Health and Fitness

Health and Fitness

There are few things more important to leading a full and enjoyable life then being healthy and fit. A person who is healthy and fit will be able to enjoy life without worrying about restrictions due to health problems, or frequent fatigue.

Health and fitness are in many ways two sides of the same coin. The healthier a person is, the easier it is to stay fit. The more fit a person stays, the healthier they will be.


Staying or getting healthy is not entirely under anyone’s control – genetics, environment and past history all contribute and can’t be changed. What can be changed are the things that effect health now, and in the future. There are three key points to health that are largely under an individual’s control: nutrition, sleep and stress.


With an obesity epidemic declared in America, nutrition is a topic popping up just about everywhere. There are dozens of diets to help lose weight, keep weight off, cleanse the colon, improve memory and a dozen other things.

Seriously, forget the hype.

Good nutrition is based on eating enough calories and a balanced variety of nutrients. As long as a person is getting enough protein, carbohydrates, fiber, fat and vitamins and minerals, they are good. Try and include a bit of each in every meal and eat a wide variety of proteins, fruits and vegetables and all is good.

American’s definitely tend to be carb heavy, so it’s a good idea to watch how much bread, pasta and rice gets included in each meal. Half a plate of fruits and veggies, and the rest split between carbs and proteins, with a healthy fat garnish is a good rule of thumb.

And on the subject of healthy fats, in general, if a fat is liquid at room temperature (like vegetable oil) it’s a healthy fat, and if it is solid or semi-solid at room temperature (like butter, margarine or animal fat) it’s unhealthy.

Finally, as important as it is not to eat too many calories, it’s also important not to go to long between eating. In general, try and eat something every 3-4 hours. Waiting longer to eat sends the body a message that food is scarce and it needs to build up fat reserves against a lean time.


Sleep is an aspect of health that gets overlooked a lot, but good sleep is invaluable in staying healthy both mentally and physically.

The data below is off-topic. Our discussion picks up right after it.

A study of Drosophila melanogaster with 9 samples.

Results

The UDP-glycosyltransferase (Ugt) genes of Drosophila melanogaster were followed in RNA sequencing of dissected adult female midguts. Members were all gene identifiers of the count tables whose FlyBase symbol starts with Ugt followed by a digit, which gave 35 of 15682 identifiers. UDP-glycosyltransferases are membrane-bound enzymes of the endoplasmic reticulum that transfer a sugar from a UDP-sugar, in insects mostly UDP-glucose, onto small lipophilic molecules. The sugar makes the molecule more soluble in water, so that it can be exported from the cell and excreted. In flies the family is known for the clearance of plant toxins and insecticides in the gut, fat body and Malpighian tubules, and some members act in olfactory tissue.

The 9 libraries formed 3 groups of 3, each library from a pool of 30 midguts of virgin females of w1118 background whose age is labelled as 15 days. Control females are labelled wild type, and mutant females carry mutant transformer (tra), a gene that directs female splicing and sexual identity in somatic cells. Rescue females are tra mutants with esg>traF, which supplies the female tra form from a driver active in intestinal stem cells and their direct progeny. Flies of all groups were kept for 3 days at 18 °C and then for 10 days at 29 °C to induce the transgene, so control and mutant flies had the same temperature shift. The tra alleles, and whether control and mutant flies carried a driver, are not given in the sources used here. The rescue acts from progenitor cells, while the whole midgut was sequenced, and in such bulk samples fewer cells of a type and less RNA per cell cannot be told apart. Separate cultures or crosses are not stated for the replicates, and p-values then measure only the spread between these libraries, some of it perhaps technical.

Getting too much or too little sleep are both unhealthy – try to aim for 7-8 hours of solid sleep a night. Some things that can help sleep are to get rid of as many electronics as possible from the bedroom, try not to eat right before climbing into bed, and try to be asleep before 11 o’clock at night.

Some people suffer from racing thoughts that make it difficult to fall asleep. Meditation, reading a book and listening to music can all help overcome this. Racing thoughts are often a sign of stress, so anyone who suffers from racing thoughts might benefit from looking into stress relief.


And speaking of stress . . . Next to nutrition and sleep, stress levels are one of the strongest indicators of health. Unfortunately, stress tends to fall into environmental type stuff – things going on around a person that they have very little control over.

Addressing stress then is a matter not of avoiding it, but of learning to deal with stressors in a healthy manner. It is not the stressors that lead to bad health, but the way they affect people.

Anyone dealing with high level of stress will most benefit from two things: finding ways to release the stress and doing things that are enjoyable and relaxing. Basically, stress builds up inside like pressure in a tea kettle. As long as there is a hole for the pressure to escape through, the stress won’t build up to dangerous levels. And having things to do that are relaxing and enjoyable gives time away from stress. If a person is constantly dealing with and worrying about stressors, they will never have time a chance to relax and be healthy.

While it isn’t always possible, try to balance each day so that for every hour spent dealing with stressors, an hour is spent on something fun. When this isn’t possible, work as much enjoyable and relaxation time into the schedule as will fit (and yes, taking a nap on the couch of hammock counts!) the better the ratio of dealing with stressors to doing other, enjoyable things, the healthier a person will be.

Staying Fit

If a person is eating healthy, getting enough sleep, and is not overwhelmed with stress, they will have the energy to be active and stay fit. If they are active, they will sleep better at night, and burn calories better. Plus, many activities are great for releasing stress or for fun and relaxation. It all really does work together.

The general rule of thumb on staying fit is 20 minutes of exercise three times a week. Which makes staying fit another chore to be accomplished, as well as another source of stress.

As an alternative to keeping track of how many hours and days per week are spent exercising, another way to approach staying fit is to try and find fun activities or classes. Even better is if it is something you can share with friends.

For instance, an hour lunch is more than enough time to eat, so on a nice day it’s possible to take a 20 minute walk with a friend from the office before having lunch together. Many areas have group exercise meetings where anyone who wants to join gets together in the park and does yoga, tai chi or aerobics with the group. Join a dance class, tennis club or marital arts dojo.

Health and fitness are in important part of living a full life, but they don’t need to be a matter of counting calories at dinner and reps at the gym. With a bit of thought, health and fitness can become a simple – and maybe even enjoyable – part of a person’s daily routine.